5 flowers to sow in February to guarantee stunning summer blooms

Planning your summer borders and containers? Start sowing these flowers now and you'll get to enjoy the beautiful results when the warmer weather arrives

flowers to sow in February
(Image credit: Suttons)

The weather might be less than inviting in February, but this month is all about getting ready for what’s to come later in the year. 

Take advantage of this quieter period to plan your summer garden and to start sowing some seeds. Now is the perfect time to do this, especially if you have a greenhouse. If you don’t, there are still plenty of alternative spaces you could use, such as a kitchen windowsill, a shelf in the garage, or by investing in a small cold frame for the garden. 

The advantage of learning how to grow flowers from seeds is that you will have seedlings ready to go in the ground as soon as the frosts have gone and the sun warms the soil. It gives you a head start on those seeds that you will direct sow later in spring, plus it’s a good way to stagger your blooms so you get a succession of stunning flowers throughout summer. 

Keep reading for some of our favourites flower seeds to sow now.


Agastache seeds - Liquorice Blue from Dobies

(Image credit: Dobies)

These beauties are great for adding height to your borders. They have tall yet attractive flower spikes that will stand out with their bold purple flowers, which are liquorice scented. Butterflies and bees love them too. There's more plants for pollinators in our guide to bee friendly plants

Another bonus is that they are easy to grow, and are happy even in the poorest of soils. Sow from February to March under glass and they will bloom from September to October, which will give you a bright burst of colour during those autumnal weeks. 


English Marigold, ‘Playtime Mix’ from Thompson & Morgan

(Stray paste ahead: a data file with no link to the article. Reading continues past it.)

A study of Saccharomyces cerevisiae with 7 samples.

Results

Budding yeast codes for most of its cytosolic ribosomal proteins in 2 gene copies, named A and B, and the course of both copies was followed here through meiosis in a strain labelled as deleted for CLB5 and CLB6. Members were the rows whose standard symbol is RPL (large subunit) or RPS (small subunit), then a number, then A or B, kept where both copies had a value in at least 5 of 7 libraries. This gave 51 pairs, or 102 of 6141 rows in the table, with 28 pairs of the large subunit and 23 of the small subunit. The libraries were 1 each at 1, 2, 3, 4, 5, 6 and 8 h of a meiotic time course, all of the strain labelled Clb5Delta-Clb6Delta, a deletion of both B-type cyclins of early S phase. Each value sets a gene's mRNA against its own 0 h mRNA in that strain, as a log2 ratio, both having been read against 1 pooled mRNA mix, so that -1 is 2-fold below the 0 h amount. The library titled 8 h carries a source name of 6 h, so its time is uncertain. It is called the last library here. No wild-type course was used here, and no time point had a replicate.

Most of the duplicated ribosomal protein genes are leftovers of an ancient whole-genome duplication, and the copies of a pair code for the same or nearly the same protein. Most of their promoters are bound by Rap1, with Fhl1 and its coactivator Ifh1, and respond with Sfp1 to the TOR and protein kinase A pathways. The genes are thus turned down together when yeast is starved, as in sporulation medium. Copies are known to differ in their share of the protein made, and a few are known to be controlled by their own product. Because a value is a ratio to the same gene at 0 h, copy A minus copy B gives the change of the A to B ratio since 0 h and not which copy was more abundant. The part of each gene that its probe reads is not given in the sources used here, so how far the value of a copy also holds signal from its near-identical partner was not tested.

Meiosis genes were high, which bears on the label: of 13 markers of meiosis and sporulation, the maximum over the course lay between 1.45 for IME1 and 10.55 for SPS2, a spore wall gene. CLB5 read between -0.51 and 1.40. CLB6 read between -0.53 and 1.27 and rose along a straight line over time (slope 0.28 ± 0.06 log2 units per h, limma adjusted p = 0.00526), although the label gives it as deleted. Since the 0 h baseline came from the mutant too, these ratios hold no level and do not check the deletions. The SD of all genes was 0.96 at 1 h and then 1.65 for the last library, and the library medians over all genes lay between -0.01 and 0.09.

(Image credit: Thompson & Morgan)

If you're a fan of low maintenance garden ideas, then calendula could be a good fit. This variety produces large flowers in a harmonious colour palette, plus they are edible. 

Happy in a sunny spot, you can use them for your borders and pots to create a stunning colourful display. Right now, you can sow indoors and keep them at a temperature of 18-23˚C (65-73˚F). Once the seedlings have taken hold, transplant them and store them in a cooler place until large enough for outside. Or, if you want to wait, you can direct sow in April and May. 

There's more advice on growing flowers that you can also eat in our guide to edible flowers


Delphinium consolida, ‘Misty Lavender’ from Chiltern Seeds

(Image credit: Chiltern Seeds)

This is a lovely variety to get started with for summer flowering. Its pretty lilac petals will work perfectly for cottage garden ideas as they have a romantic, period feel to them. 

Sow now onto a moist, well-drained seed compost, pop into a polythene bag and place in the fridge for three weeks. Then, place them in a warmer spot for germination – you can use a propagator for this. Germination can take up to two months. 


Cosmos bipinnatus 'Dwarf Sensation White’ from Sarah Raven

(Image credit: Jonathan Buckley/Sarah Raven)

Cosmos can be started now as long as you sow indoors on a windowsill or in a greenhouse. Don’t plant it out until the last frosts are well and truly gone. You can also direct sow in early May. 

This particular variety is designed for pots as it’s a slightly smaller, dwarf version of one of the most popular ‘Purity’. This variety will flower from June until October. Cosmos really is the gift that keeps on giving too – the more you cut off the flowers, the more buds will appear!

5. Sweet peas

Sweet pea Lathyrus odoratus from Thompson & Morgan

Sweet pea Lathyrus odoratus from Thompson & Morgan

(Image credit: Thompson & Morgan)

Naturally we had to mention the good old sweet pea as it brings so much joy to our gardens. 

This lovely variety is one of the most fragrant of all the sweet pea varieties, so if that’s what you love the most then pop it on your ordering list. It has unusual colouring too, with creamy petals and  lilac edging. 

Sweet peas are also a climber, which gives another alternative in terms of where to plant them. They are happy to be sown indoors from as early as January and right up to April, and will flower from June until August. 

Head over to our guide on how to grow sweet peas for more tips. 

Sophie Warren-Smith
Sophie Warren-Smith

Sophie has been an interior stylist and journalist for over 20 years and has worked for many of the main interior magazines during that time, both in-house and as a freelancer. On the side, as well as being the News Editor for indie magazine, 91, she trained to be a florist last year and recently launched The Prettiest Posy where she curates beautiful flowers for weddings and events.